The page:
Published:Friday | September 11, 2015 | 6:26 PMCMC
A LIAT aircraft

Prime Minister of St Kitts-Nevis Dr Timothy Harris is defending his decision not to invest in the cash-strapped regional airline, LIAT, despite a plea from chairman of the LIAT Trade Union Group, Chester Humphreys.

Harris said that the consistent financial problems of the airline, which is owned by the governments of Antigua & Barbuda, Dominica, Barbados, and St Vincent and the Grenadines, do not make it an attractive investment option.

He said that his administration would need to be convinced that investing in LIAT at this time would make sense.

"There are decisions that have to be made with respect to LIAT. What I did say that, at this time, everyone knows that LIAT is a failing proposition and until LIAT can put a convincing plan before this government, this government will not invest in LIAT because LIAT will not waste the public's money," the prime minister said.

But Humphreys, speaking on West Indies News Network in Basseterre, said he was concerned that the importance of intra-regional travel was being ignored by governments who are shying away from investing in LIAT.

"My advice to Prime Minister Harris is to meet with the shareholder governments who understand the situation, make himself aware of the realities of inter- regional air travel and to do the proper thing and join the other four governments...and to put some funds in the capital funds so the airline could be properly capitalised," said Humphrey, who heads the Technical and Allied Workers Union in Grenada.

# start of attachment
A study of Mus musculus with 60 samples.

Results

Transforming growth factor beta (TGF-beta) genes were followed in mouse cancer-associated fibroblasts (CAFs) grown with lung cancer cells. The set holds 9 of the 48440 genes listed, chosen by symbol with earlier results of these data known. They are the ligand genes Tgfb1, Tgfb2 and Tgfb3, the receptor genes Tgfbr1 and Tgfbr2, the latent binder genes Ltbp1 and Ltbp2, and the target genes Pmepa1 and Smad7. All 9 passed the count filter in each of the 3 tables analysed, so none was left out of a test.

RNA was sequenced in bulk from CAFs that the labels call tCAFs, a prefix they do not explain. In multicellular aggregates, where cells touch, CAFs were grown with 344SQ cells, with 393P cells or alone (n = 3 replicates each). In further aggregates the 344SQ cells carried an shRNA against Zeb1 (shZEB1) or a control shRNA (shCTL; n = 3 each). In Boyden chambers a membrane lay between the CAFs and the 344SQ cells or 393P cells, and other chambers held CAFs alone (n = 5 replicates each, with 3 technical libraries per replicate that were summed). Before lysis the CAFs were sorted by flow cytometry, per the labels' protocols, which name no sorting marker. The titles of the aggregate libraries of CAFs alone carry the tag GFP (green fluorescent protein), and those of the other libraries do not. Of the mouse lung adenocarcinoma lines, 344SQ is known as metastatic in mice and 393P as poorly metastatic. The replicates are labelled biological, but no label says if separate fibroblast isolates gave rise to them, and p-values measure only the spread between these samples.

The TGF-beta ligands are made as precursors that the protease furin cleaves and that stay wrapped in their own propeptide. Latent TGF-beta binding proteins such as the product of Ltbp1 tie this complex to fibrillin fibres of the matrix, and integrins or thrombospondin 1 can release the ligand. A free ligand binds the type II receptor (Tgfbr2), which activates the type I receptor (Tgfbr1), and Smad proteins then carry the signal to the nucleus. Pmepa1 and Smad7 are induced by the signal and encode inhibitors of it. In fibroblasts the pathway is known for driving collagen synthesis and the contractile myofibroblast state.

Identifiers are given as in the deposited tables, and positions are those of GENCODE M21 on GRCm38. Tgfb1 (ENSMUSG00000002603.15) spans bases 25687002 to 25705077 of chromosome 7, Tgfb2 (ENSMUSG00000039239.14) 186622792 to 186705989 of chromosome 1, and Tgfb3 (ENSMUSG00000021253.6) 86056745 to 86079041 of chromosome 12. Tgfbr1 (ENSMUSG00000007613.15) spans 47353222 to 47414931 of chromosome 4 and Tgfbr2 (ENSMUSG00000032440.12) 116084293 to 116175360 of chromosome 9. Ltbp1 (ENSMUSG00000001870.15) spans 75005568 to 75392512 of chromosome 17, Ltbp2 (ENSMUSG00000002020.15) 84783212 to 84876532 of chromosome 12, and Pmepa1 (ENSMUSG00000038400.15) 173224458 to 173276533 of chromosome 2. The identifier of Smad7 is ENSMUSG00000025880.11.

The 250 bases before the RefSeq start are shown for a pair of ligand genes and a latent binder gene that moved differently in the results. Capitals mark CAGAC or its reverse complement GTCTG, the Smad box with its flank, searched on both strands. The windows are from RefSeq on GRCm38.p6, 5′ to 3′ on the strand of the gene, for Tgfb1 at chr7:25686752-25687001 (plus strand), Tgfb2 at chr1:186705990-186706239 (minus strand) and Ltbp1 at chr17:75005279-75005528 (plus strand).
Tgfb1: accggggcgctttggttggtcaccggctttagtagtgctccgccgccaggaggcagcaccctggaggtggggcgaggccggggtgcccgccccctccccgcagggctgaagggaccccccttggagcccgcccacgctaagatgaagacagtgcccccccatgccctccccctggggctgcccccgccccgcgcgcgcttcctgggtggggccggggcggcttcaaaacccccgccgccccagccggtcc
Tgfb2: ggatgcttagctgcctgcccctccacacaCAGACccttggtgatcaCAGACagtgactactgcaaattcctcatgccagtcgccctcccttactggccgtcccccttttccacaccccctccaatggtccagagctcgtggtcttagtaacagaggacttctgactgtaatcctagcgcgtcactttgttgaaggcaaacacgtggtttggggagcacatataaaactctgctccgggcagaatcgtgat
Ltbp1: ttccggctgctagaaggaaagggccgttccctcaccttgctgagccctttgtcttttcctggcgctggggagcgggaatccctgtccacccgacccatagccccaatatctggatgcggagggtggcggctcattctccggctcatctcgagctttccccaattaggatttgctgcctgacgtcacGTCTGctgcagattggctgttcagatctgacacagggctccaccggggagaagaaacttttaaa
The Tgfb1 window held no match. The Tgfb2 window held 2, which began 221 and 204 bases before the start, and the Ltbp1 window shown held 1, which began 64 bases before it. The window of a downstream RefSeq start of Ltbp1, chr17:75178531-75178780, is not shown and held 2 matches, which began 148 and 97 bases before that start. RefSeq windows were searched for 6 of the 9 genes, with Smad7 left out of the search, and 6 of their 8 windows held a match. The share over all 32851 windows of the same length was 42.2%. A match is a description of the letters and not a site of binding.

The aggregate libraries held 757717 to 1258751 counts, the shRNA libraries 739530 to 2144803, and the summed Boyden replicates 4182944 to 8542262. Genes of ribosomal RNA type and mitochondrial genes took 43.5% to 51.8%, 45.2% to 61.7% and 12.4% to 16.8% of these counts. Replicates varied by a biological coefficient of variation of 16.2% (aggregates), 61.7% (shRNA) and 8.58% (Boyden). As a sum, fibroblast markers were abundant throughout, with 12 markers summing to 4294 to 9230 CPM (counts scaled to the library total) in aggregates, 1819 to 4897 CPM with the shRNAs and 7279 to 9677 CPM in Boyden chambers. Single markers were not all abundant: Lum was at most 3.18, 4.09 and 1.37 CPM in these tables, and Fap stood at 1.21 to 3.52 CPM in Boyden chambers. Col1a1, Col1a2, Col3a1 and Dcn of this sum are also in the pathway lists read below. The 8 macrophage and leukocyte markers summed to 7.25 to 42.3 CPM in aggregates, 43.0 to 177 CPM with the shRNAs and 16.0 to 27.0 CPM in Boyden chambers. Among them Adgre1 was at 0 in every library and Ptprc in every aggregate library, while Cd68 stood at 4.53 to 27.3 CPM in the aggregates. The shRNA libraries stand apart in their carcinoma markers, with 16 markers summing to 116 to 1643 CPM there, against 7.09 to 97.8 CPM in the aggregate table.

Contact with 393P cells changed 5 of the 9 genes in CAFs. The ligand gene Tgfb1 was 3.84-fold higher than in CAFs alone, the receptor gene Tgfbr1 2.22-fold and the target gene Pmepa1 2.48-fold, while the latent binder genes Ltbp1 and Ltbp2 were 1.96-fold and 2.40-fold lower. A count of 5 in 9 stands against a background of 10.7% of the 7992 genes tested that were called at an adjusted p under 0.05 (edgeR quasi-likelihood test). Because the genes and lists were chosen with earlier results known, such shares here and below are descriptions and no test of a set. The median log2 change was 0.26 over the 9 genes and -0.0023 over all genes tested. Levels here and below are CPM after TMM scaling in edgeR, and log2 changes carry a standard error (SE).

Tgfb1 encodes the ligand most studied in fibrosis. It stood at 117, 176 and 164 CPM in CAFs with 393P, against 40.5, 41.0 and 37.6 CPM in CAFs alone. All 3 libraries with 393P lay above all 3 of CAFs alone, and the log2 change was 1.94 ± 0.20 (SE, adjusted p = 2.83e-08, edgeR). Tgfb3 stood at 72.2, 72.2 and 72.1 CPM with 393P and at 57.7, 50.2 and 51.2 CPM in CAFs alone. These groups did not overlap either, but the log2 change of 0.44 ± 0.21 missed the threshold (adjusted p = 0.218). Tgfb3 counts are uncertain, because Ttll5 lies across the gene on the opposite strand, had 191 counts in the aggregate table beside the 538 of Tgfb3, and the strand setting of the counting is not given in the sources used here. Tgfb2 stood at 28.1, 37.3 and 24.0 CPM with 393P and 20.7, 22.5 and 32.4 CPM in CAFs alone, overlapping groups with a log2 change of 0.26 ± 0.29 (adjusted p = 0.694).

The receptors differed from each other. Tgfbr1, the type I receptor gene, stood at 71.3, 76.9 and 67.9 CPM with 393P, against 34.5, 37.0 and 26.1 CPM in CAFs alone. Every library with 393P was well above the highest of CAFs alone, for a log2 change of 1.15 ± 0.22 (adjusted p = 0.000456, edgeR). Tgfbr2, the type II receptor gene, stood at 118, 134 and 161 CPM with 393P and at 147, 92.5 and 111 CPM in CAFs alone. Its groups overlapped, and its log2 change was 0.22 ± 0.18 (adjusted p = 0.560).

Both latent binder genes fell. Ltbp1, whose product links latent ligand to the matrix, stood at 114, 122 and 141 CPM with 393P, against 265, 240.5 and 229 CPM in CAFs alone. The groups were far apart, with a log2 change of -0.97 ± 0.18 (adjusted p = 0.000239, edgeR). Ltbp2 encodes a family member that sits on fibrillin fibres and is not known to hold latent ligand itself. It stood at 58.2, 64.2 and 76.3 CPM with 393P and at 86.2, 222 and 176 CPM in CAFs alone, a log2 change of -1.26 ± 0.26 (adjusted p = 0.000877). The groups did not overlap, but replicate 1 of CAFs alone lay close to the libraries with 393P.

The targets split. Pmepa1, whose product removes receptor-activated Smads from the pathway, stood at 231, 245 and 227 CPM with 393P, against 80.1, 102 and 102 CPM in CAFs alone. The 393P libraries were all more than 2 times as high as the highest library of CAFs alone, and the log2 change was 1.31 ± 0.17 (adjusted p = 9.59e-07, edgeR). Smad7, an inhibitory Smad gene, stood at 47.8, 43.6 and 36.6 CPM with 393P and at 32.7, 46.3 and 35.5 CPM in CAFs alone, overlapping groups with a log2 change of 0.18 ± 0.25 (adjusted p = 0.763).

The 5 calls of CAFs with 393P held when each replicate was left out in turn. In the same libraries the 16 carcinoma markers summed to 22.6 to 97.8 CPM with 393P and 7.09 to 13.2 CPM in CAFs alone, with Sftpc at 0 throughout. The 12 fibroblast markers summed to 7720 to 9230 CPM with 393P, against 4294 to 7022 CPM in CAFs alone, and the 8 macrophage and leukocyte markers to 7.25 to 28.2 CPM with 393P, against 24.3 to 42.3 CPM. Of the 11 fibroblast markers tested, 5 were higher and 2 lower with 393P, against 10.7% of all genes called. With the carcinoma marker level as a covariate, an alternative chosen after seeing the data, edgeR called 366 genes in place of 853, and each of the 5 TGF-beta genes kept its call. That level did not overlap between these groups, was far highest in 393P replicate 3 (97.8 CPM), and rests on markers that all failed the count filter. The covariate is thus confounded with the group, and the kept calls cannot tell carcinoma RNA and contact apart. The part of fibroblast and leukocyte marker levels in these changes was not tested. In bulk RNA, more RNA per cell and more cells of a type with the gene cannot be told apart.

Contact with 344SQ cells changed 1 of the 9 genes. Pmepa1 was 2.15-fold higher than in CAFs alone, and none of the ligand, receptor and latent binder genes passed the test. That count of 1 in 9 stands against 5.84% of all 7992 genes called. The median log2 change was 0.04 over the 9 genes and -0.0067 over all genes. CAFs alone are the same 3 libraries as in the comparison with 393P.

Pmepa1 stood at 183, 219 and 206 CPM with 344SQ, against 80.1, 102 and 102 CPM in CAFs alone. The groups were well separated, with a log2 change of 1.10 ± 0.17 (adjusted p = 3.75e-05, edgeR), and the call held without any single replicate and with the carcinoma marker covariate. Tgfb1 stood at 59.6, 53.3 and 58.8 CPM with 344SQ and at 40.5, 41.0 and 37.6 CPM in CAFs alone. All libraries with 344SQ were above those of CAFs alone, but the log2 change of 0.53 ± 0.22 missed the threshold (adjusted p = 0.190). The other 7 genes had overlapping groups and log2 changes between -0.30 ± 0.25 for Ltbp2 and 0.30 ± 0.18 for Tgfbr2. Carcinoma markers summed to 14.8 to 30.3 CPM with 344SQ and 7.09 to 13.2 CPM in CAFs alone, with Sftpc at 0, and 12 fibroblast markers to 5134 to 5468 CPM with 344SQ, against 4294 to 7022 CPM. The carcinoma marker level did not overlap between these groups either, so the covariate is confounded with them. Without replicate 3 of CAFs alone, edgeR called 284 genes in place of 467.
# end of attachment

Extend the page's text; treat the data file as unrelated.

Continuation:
The union represents a significant number of LIAT employees there, and Humphreys said the recapitalisation would allow the airline "to continue the vital services that it provides".

"Is Dr Harris aware that if LIAT stops travels to St. Kitts-Nevis what would be the impact on the economy," he added.

But the prime minister said that his Team Unity administration is not ignoring the contribution being made to intra-regional travel by the regional airline.

"Do we want LIAT to survive? Of course. Do we think it's making a contribution? Yes. But, it requires more than that because you have to balance the contribution against what is the cost and whether it is a cost that the country can sustain. And LIAT has gotten worse and none of the countries that are shareholder governments, none of them can say they can sustain it," said Harris.

"We are willing to help but it can't be on the same basis."

Earlier this year, St Lucia's Prime Minister Kenny Anthony said he was not prepared to invest in the airline and called on its shareholder governments to bite the bullet and put in place policies that would ensure the financial viability of the Antigua-based carrier.

"This is not a question of governments making sacrifices, it is also a question of LIAT, its employees and its pilots also making sacrifices for the future of LIAT," Anthony told the Caribbean Media Corporation.